U.S. President Joe Biden launched his whirlwind European diplomatic tour on a conciliatory note, saying Friday that the rollout of a security deal between the United States, Britain and Australia that cut out longtime ally France was “clumsy.”
“What happened was, to use an English phrase – what we did was clumsy,” Biden said. “It was not done with a lot of grace,” he acknowledged, next to French President Emanuel Macron in Rome ahead of the G-20 summit. The two spoke to reporters following their meeting which was notably held at Villa Bonaparte, the French Embassy to the Vatican, instead of a neutral venue.
The Indo-Pacific AUKUS security deal provides Australia with U.S. nuclear-powered submarines. But buying U.S. subs meant Canberra cancelled the $65 billion deal it previously made with Paris for traditional submarines.
The diplomatic fallout was swift: Paris temporarily recalled its ambassadors from Washington and Canberra, saying they were not consulted in advance of the AUKUS deal.
“I was under the impression that France had been informed long before that the deal was not coming through,” Biden said Friday. “Honest to God, I did not know that you had not been.”
This modest concession matters, said Leslie Vinjamuri, director of the U.S. and the Americas program at Chatham House.
"It's pretty clear that both Biden and Macron have a lot to lose and wish this relationship to work,” she said. “So, they are finding ways to signal that, including in this case an acknowledgment that stops short of an apology.”
Biden earlier committed to supporting France in their counterterrorism effort in the Sahel, where instability triggers waves of African migrants to aim for Europe.
“Clearly the U.S. made a tough call on how to deal with France in the run-up to this decision and, ultimately, the AUKUS partnership stands and France is outside of it," Vinjamuri said.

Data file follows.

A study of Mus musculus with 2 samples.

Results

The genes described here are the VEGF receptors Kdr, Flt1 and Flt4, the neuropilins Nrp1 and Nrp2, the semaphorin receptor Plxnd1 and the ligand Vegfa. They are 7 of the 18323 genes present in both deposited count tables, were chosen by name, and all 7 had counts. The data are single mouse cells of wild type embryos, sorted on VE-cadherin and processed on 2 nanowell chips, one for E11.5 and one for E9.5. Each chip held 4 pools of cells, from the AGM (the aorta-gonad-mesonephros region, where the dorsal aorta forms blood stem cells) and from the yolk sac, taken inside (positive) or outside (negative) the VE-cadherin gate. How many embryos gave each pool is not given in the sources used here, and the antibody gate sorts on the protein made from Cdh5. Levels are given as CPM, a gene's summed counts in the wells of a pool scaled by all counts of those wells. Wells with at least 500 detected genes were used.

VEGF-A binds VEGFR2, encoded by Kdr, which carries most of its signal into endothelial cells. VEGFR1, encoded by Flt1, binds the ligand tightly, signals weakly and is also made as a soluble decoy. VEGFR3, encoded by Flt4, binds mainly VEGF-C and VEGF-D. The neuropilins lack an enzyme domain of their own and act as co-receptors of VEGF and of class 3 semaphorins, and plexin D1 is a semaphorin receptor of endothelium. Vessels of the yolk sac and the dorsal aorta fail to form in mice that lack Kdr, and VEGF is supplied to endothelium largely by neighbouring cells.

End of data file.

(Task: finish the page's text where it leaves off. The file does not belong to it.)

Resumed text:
Other key meetings
Earlier Friday, Biden met with Italian Prime Minister Mario Draghi, a potential key ally in transatlantic relations at a time when German Chancellor Angela Merkel is set to leave office and Macron remains politically embattled at home.
They and other leaders will gather at the G-20 summit of the world’s wealthiest nations, hosted this year by Italy, which begins Saturday.
“Italy really is an anchor in southeastern Europe for the United States,” said Rachel Ellehuus, deputy director and senior fellow with the Europe, Russia, and Eurasia Program at the Center for Strategic and International Studies.
The White House said Biden thanked Draghi for Italy’s support following the U.S. withdrawal from Afghanistan, including by temporarily housing more than 4,000 Afghans who were on route to the U.S. in August. The leaders discussed challenges to security in the Mediterranean region and reaffirmed the importance of NATO’s efforts to deter and defend against threats.
Biden is also expected to meet Turkish President Recep Tayyip Erdoğan on the summit’s sidelines. Erdogan recently threatened to expel the U.S. and nine other Western ambassadors over their support of a jailed Turkish philanthropist over charges of espionage, terrorism and attempts to overthrow the government – allegations that Western observers have called absurd.
“This meeting is important for President Biden to send some messages to Turkey about what is and is not acceptable behavior from a NATO ally, what his expectations are for Turkey being a partner in everything from follow-on security challenges from Afghanistan to Turkey's role in the Black Sea region and Turkey's performance in NATO,” Ellehuus said.
Observers, journalists and international partners have repeatedly asked when Biden will meet one-on-one with the leader of the country the U.S. considers its main adversary: China. But Chinese President Xi Jinping will not attend the G-20 summit in person, nor the climate conference that will follow immediately after, in Glasgow.
The White House has confirmed Biden and Xi will meet virtually before the year’s end.